I have been blogging away over here at Advocate’s Studio on topics related to law, research, writing and technology for about six months now. I have done a lot of blog reading myself over that same period. Sometimes I note the blog author and sometimes I don’t. It never occurred to me that I am somewhat of a rarity, at least in the blog writing category.
According to C.C. Holland over at Law.com, readers are finding it difficult to find female legal bloggers. Now, perhaps they can’t readily count me because my description does not identify me by name or gender, but I do think my picture looks genuinely female.
But I digress. The article sets forth a variety of theories as to why there may be fewer law blogs authored by women than men. First point raised, by Caroline Elefant, an active blogger on MyShingle and Law.com, is well-taken – you won’t see them if you are not looking for them. The article also notes that the percentage of female law professor bloggers matches the population of female law professors in general. Lack of promotion of female law blogs may be one reason and the article ties this to the general reluctance of women to self-promote. Not sure I agree with that last one. In fact, the anonymity of the Internet provides ample protection for the shy flower female attorney less comfortable with traditional networking. Lack of familiarity with the process may be a better explanation.
Holland compares the 30.1 percent female lawyers reported by the ABA in 2007 with 23 percent of female bloggers listed with LexMonitor’s AmLaw 200 blogs. Holland also finds it compelling that only one of the blogs had a single female author. I am not sure these distinctions are particularly meaningful. I would be very interested to see a comparison of the percentage of female authors contributing to traditional law reviews, journals and periodicals with the percentage of female bloggers. In other words, I would like to know whether the percentage of female writers matches across the various writing fora. I would also like to see whether the percentage of female bloggers over the entire blogosphere matches the percentage of female law bloggers. Maybe women are less inclined to blog on any topic. This may be a generalization without support, but perhaps participation in blogging is more closely tied to a general interest in or experience with technology, which also may yield disparate figures between the genders.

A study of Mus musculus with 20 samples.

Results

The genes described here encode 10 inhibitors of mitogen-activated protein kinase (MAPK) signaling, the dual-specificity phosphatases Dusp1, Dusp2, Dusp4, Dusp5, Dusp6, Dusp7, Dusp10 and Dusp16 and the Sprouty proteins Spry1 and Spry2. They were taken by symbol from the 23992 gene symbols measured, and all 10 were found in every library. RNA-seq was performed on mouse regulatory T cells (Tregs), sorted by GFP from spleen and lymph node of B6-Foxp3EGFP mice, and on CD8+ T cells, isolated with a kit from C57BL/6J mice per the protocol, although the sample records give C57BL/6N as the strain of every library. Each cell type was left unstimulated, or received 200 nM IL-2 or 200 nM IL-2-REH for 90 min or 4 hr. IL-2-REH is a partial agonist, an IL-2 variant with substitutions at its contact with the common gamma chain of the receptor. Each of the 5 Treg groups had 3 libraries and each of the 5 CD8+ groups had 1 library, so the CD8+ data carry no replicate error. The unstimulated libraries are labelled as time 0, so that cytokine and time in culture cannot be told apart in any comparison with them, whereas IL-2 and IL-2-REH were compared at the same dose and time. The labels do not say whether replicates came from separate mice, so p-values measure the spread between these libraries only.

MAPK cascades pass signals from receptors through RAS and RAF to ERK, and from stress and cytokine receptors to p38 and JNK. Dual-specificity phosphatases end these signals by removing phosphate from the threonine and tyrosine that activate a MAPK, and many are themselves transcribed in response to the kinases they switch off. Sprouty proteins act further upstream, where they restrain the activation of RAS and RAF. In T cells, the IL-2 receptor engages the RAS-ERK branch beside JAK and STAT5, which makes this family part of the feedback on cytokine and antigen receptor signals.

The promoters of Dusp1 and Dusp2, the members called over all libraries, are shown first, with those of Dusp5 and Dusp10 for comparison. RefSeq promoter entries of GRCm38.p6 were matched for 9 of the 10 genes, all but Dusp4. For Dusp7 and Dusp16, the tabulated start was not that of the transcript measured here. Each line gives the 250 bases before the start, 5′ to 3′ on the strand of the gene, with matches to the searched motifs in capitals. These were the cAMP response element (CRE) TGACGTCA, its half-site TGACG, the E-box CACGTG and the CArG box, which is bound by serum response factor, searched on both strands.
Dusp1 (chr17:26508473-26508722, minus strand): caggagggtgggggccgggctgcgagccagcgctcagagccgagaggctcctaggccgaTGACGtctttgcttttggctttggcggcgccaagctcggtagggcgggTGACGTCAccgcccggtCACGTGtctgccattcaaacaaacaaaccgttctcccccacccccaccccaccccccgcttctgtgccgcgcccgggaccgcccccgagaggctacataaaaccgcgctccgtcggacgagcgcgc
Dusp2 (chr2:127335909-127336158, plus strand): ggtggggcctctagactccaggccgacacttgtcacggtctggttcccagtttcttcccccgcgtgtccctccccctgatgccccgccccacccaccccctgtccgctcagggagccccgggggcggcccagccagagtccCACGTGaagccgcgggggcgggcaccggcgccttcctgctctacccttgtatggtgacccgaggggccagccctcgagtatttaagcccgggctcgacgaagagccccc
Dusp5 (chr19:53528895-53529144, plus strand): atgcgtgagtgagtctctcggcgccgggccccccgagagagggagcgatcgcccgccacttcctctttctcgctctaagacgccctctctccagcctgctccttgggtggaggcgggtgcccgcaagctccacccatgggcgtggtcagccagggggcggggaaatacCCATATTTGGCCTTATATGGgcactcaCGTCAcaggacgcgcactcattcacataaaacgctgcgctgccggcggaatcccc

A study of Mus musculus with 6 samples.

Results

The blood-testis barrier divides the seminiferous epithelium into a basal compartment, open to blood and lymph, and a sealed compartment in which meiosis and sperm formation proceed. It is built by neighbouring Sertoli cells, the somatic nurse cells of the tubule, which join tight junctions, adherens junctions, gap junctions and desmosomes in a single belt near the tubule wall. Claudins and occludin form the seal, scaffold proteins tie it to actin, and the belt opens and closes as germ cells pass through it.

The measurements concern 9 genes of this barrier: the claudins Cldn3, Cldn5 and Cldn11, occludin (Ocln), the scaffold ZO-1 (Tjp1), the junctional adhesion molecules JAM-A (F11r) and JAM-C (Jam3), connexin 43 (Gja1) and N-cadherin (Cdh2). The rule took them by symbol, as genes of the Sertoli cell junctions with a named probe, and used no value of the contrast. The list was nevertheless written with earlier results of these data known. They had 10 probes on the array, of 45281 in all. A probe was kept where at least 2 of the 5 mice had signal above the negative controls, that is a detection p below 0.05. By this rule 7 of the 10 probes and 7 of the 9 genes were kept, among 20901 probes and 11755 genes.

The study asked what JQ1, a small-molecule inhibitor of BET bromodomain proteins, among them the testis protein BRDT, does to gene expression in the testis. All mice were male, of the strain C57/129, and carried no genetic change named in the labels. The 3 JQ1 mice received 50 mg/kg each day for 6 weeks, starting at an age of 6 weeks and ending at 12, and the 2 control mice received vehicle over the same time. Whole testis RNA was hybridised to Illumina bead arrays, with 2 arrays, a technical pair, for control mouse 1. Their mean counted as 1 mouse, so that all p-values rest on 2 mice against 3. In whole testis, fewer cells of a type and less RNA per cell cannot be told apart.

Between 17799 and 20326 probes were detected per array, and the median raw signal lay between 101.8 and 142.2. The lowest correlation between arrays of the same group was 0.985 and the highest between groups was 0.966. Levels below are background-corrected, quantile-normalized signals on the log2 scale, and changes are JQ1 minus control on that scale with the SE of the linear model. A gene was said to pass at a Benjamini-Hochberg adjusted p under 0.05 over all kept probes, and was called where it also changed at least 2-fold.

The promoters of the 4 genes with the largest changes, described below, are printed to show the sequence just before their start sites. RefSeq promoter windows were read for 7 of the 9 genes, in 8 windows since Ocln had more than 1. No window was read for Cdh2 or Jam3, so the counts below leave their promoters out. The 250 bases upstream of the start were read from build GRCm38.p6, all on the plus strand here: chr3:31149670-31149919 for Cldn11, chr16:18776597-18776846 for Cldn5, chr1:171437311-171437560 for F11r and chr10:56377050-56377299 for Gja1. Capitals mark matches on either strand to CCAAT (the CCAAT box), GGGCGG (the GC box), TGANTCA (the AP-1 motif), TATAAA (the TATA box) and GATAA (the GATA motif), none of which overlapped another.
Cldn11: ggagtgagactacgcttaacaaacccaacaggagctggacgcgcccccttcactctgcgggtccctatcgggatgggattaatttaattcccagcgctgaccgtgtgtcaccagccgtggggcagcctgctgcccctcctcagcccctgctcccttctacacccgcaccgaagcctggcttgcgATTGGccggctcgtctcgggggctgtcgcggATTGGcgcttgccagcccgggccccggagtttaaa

Another cause cited is lack of time, primarily due to disproportionate family responsibilities shouldered by women. Women also may perceive that blogging lacks tangible value. Holland’s article does present the counter-argument that blogging is easier to accomplish and less time-consuming than traditional marketing methods. While I can relate personally to the pressure of time constraints, I agree with the counter-argument. My computer is available 24-7 and I need no one, other than myself, to produce my blog. LiveWriter is there waiting for me during my periodic bouts of insomnia at 3 a.m. For me, blogging provides a great creative outlet and serves to put my research and writing business in front of an audience I might not otherwise be able to reach. I can hone my skill and sell my skill in one pass of the keyboard. Blogging is efficient, for sure, and maybe even more effective.
The final reason posited is exposure to personal attack. These attacks can include gender-based backlash, mockery, even death threats. Some of those interviewed in the article cite personal experience that is more than a little hair-raising. However, no attempt is made in the article to compare the occurrence of such antagonistic behavior towards male and female bloggers.
Now, I readily admit that I haven’t been the subject of on-line harassment, undue criticism, personal attacks, malicious mis-use of my information or death threats. There is still time. Perhaps I might have a different opinion if I had received such treatment. However, I believe that the threat exists for both men and women and should not be touted casually as a gender-based reason for fewer female bloggers. Any blogger has to weigh the possibility of retaliation before embarking on this public display of thought process. If a potential blogger is concerned about this side-effect, they can take steps to protect themselves, male and female alike. In other words, the possibility of attack is a deterrent whether you are female or male and shouldn’t account for the comparatively small number of female legal bloggers.
We female legal bloggers are here making our thoughts known on the internet for all to see. I would suggest opening your eyes.